How can a farmer access the internet using only SMS?

Last month we introduced you to WeFarm – a knowledge sharing platform from the CafeDirect Producers Foundation – which allows farmers in developing countries to harness the power of the internet using only a ‘dumb’ phone.

A recently published infographic shows that while 75% of the world’s population have cell phones, just 30% have internet access. In rural parts of Africa, Asia and South America these statistics are even more extreme, underscoring the need for initiatives like WeFarm.

But how does WeFarm allow farmers in different countries, and speaking different languages, to share knowledge about farming practices using just SMS messages?

The mechanics of WeFarm

Broadly speaking the WeFarm platform consists of three main elements.

A back-end

This is the domain of Conker Group. A database stores questions and answers as well as some basic user data for farmers and translators. The database allows identification of users who might be able to answer or translate a given question. Relationships between the data can be used to identify when new questions might be solved by answers to previous questions. This is done via a series of rules in a layer of software that sits between the back-end and…

A front-end

The front end displays questions and answers to users based on their status, expertise and preferences. Questions can be asked, answered and rated here – by users with internet access – but it’s chiefly used by translators to provide translations of Qs and As. Manifesto is working on both the front-end (using the designs provided by Someone/Else) and the layer of logic that sits between the database and front-end.

A mobile-messaging platform

Telerivet provides the interface between the database and the mobile phone user. Their software parses the message sent by the farmer (to a dedicated WeFarm number) and transfers it to the WeFarm database. Here it is matched and distributed to up to 80 farmers based on their registered areas of expertise.

The journey of a WeFarm question

The diagram below describes the journey of a new question (and a corresponding new answer) through the WeFarm platform. Here’s a description of each stage:

  1. A farmer – let’s call him Jacob – wants an answer to a question e.g. ‘How do we control coffee rust disease?’ He sends it via an SMS message, in English, to WeFarm. Telerivet picks up the message and conveys the question to the WeFarm database.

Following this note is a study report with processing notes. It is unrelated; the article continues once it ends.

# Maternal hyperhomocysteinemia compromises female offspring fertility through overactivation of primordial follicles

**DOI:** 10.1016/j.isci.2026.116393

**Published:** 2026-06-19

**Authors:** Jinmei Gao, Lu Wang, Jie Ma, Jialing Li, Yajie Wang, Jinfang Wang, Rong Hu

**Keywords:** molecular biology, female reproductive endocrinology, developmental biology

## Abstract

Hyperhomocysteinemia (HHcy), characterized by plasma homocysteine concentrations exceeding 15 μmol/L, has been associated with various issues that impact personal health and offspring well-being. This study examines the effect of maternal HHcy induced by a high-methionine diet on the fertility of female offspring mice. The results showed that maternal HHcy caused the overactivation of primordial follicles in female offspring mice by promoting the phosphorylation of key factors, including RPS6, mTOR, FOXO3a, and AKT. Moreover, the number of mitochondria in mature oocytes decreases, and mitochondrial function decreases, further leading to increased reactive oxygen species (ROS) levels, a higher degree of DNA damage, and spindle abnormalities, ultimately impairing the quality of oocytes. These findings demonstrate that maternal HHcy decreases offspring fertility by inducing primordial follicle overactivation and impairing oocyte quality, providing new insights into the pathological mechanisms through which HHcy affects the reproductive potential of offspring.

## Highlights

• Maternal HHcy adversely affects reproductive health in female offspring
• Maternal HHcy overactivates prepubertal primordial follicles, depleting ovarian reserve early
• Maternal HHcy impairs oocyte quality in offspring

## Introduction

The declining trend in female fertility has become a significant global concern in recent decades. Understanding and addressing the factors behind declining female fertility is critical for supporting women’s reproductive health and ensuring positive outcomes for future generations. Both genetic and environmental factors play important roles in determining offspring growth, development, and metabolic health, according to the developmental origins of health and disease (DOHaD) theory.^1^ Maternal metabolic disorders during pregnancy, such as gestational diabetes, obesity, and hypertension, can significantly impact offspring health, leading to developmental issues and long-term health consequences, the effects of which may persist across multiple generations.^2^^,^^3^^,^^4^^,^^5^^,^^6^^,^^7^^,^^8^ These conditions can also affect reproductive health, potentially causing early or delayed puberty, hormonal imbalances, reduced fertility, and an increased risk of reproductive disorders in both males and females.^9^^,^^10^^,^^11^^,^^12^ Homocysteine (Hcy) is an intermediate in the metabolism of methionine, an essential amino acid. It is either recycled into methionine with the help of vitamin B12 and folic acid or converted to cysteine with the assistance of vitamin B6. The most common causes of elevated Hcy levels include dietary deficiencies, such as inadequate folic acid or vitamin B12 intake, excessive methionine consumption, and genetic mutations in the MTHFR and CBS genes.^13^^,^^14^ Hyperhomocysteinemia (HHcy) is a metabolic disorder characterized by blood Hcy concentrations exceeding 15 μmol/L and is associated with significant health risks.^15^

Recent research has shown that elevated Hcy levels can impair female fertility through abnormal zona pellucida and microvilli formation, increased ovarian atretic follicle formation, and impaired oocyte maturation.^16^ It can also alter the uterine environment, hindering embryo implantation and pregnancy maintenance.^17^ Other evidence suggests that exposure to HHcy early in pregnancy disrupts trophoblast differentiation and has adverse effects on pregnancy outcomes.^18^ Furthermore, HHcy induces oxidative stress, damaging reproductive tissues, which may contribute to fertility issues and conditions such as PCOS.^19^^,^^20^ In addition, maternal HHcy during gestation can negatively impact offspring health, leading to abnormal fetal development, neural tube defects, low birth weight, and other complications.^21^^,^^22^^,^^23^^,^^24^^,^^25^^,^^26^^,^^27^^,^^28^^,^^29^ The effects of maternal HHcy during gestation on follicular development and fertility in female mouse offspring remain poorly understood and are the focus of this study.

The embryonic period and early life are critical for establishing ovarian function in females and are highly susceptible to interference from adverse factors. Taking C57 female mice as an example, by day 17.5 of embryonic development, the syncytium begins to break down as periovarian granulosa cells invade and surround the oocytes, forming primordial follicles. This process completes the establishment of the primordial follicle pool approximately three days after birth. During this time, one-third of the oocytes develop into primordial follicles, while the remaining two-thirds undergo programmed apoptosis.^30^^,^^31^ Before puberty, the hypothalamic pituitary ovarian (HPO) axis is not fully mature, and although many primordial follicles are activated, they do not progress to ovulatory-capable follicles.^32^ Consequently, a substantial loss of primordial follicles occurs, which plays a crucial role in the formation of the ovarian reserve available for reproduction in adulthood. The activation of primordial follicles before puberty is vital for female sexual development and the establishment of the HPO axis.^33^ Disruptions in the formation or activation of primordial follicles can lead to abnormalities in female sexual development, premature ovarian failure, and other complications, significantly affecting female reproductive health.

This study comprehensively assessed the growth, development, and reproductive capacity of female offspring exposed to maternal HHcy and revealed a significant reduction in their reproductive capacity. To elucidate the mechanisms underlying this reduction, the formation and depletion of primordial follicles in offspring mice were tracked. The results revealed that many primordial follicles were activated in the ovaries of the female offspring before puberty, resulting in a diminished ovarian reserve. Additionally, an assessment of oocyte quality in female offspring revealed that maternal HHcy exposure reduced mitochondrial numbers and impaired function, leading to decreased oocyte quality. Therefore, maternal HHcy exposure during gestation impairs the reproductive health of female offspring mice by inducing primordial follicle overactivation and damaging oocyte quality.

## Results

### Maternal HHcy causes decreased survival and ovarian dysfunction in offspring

2. A call from the API updates the web interface, allowing web users to answer or translate the question.
  3. A translator sees the question and translates it into Spanish.
  4. The database stores the question in both languages and the front-end displays both versions, inviting answers and further translations.
  5. Another farmer – let’s call her Maria – has provided user data that indicates she might be able to answer this question (it’s in her field). WeFarm pushes the question out to her via SMS (through the Telerivet API).



  1. Success! Maria does have an answer to the question and sends it, in Spanish, back to WeFarm.
  2. The front-end displays the answer to the question – but it’s in a language, Spanish, that Jacob can’t understand.
  3. Another translator finds the Spanish answer in her feed and translates it into English.
  4. The English answer is pushed to Jacob via SMS, helping him with his coffee rust disease problem.
  5. Question and answer, in both languages, are stored in the database. They’re available to all farmers via the front-end and for translation into further languages. They can also be matched with the same, or similar, questions asked in the future, giving farmers access to knowledge that would otherwise be unavailable to them.

What’s next?

The launch of WeFarm is getting pretty close now. Stay tuned for more posts on user testing in Kenya and a more in-depth look at building a front end for this exciting project.